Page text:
Snow-melt flood frequency analysis by means of copula based 2D probability distributions for the Narew River in Poland
Bogdan Ozga-Zieliński , Maurycy Ciupak , Adamowski Jan , Bahaa Khalil , Julien Malard
AbstractAbstractStudy region Narew River in Northeastern Poland. Study focus Three methods for frequency analysis of snowmelt floods were compared. Two dimensional (2D) normal distribution and copula-based 2D probability distributions were applied to statistically describe floods with two parameters (flood peak Qmax,f and flood volume Vf). Two copula functions from different classes – the elliptical Gaussian copula and Archimedean 1-parameter Gumbel–Hougaard copula – were evaluated based on measurements. New hydrological insights for the region The results indicated that the 2D normal probability distribution model gives a better probabilistic description of snowmelt floods characterized by the 2-dimensional random variable (Qmax,f, Vf) compared to the elliptical Gaussian copula and Archimedean 1-parameter Gumbel–Hougaard copula models, in particular from the view point of probability of exceedance as well as complexity and time of computation. Nevertheless, the copula approach offers a new perspective in estimating the 2D probability distribution for multidimensional random variables. Results showed that the 2D model for snowmelt floods built using the Gumbel–Hougaard copula is much better than the model built using the Gaussian copula.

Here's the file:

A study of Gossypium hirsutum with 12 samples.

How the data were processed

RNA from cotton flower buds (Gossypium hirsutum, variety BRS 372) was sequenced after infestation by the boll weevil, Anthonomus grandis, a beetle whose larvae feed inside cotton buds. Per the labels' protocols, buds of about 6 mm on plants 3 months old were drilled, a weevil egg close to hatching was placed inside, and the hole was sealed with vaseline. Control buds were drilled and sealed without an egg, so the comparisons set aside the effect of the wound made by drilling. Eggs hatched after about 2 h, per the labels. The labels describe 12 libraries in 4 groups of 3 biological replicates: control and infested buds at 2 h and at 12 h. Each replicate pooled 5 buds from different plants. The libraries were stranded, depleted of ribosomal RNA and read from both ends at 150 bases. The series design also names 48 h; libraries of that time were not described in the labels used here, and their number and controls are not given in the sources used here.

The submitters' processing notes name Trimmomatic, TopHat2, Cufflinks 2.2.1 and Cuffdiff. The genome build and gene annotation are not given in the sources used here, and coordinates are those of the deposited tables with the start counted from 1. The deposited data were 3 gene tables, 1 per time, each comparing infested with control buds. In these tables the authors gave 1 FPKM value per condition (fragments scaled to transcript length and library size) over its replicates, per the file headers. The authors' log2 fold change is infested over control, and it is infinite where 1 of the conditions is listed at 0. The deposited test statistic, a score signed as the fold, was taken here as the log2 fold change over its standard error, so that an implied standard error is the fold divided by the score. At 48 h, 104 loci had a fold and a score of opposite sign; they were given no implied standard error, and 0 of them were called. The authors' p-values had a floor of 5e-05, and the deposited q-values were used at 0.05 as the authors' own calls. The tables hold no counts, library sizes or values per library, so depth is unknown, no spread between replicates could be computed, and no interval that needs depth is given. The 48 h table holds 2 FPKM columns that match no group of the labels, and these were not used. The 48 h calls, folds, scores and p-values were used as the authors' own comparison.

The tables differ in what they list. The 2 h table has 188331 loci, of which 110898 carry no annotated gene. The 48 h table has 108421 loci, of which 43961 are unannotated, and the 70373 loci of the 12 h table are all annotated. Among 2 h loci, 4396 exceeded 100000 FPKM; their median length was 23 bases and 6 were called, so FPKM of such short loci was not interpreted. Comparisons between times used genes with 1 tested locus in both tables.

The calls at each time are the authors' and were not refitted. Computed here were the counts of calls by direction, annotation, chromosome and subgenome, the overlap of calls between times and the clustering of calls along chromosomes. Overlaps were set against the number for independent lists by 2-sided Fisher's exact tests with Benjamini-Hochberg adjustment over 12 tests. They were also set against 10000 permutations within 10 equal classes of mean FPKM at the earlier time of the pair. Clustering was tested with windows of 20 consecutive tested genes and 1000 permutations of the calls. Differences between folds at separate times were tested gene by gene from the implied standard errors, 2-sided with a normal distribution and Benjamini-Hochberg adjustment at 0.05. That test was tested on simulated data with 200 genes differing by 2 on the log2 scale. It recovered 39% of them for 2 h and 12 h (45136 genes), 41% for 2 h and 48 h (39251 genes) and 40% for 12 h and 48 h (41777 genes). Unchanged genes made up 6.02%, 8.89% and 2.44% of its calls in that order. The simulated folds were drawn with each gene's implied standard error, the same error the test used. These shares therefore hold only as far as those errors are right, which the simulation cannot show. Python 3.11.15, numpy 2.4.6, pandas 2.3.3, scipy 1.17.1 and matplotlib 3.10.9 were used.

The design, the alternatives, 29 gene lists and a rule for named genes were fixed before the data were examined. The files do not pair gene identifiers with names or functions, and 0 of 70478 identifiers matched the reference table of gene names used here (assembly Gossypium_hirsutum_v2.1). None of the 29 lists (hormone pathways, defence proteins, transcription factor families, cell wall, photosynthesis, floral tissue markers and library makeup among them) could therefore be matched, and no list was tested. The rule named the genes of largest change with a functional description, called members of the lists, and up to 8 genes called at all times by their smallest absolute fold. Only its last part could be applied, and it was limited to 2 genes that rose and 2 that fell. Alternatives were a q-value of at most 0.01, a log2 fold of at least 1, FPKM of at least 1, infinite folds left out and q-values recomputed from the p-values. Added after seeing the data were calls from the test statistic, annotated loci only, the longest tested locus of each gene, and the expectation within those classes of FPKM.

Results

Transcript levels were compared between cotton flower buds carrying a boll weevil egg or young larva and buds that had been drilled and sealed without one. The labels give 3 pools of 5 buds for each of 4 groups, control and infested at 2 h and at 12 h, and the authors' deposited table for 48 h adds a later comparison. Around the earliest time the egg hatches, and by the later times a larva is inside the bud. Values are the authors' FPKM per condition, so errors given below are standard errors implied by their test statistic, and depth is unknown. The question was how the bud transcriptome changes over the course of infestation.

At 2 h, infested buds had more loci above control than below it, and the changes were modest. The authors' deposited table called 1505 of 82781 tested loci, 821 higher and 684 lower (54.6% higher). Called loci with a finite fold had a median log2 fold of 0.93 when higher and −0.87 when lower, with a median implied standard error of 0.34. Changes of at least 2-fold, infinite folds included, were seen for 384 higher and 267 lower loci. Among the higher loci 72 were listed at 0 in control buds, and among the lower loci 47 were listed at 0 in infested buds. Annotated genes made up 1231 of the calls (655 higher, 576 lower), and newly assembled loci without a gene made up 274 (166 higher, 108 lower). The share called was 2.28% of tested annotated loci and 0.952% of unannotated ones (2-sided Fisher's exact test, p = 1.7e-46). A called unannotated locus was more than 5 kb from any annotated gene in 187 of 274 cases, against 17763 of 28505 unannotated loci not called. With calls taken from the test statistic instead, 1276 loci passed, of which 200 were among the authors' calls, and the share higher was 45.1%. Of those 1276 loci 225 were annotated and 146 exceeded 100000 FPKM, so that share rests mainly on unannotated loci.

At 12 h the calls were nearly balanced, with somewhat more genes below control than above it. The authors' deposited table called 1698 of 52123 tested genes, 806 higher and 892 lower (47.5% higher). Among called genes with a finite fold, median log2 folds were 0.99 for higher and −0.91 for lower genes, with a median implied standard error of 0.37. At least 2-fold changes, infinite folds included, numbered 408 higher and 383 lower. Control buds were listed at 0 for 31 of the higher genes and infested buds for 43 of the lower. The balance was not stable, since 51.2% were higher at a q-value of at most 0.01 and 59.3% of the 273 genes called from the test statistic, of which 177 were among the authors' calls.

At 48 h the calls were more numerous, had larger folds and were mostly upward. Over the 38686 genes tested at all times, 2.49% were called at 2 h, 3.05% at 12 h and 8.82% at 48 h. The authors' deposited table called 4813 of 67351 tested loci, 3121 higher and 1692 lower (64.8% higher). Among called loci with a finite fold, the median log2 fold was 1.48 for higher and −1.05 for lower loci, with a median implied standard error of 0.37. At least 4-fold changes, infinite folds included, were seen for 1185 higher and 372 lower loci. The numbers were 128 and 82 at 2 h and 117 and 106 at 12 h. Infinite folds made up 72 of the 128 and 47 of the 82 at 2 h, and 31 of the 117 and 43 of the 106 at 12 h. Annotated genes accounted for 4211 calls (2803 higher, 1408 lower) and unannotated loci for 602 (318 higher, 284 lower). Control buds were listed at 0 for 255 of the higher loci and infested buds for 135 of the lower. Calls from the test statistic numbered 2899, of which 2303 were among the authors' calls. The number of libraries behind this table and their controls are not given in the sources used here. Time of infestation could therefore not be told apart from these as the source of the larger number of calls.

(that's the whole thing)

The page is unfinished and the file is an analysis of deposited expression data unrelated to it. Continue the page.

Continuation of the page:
|Journal series||Journal of Hydrology, ISSN 0022-1694|
|Publication size in sheets||1.25|
|Keywords in English||Flood frequency analysis (FFA), 2D Normal probability distribution, Copula functions, Elliptical Gaussian copula, Archimedean 1-parameter Gumbel–Hougaard copula, Goodness-of-fit tests, Narew River, Poland|
|Score|| = 45.0, 28-11-2017, ArticleFromJournal|
= 45.0, 28-11-2017, ArticleFromJournal
|Publication indicators||: 2016 = 3.483 (2) - 2016=4.043 (5)|
|Citation count*||11 (2018-06-16)|
* presented citation count is obtained through Internet information analysis and it is close to the number calculated by the Publish or Perish system.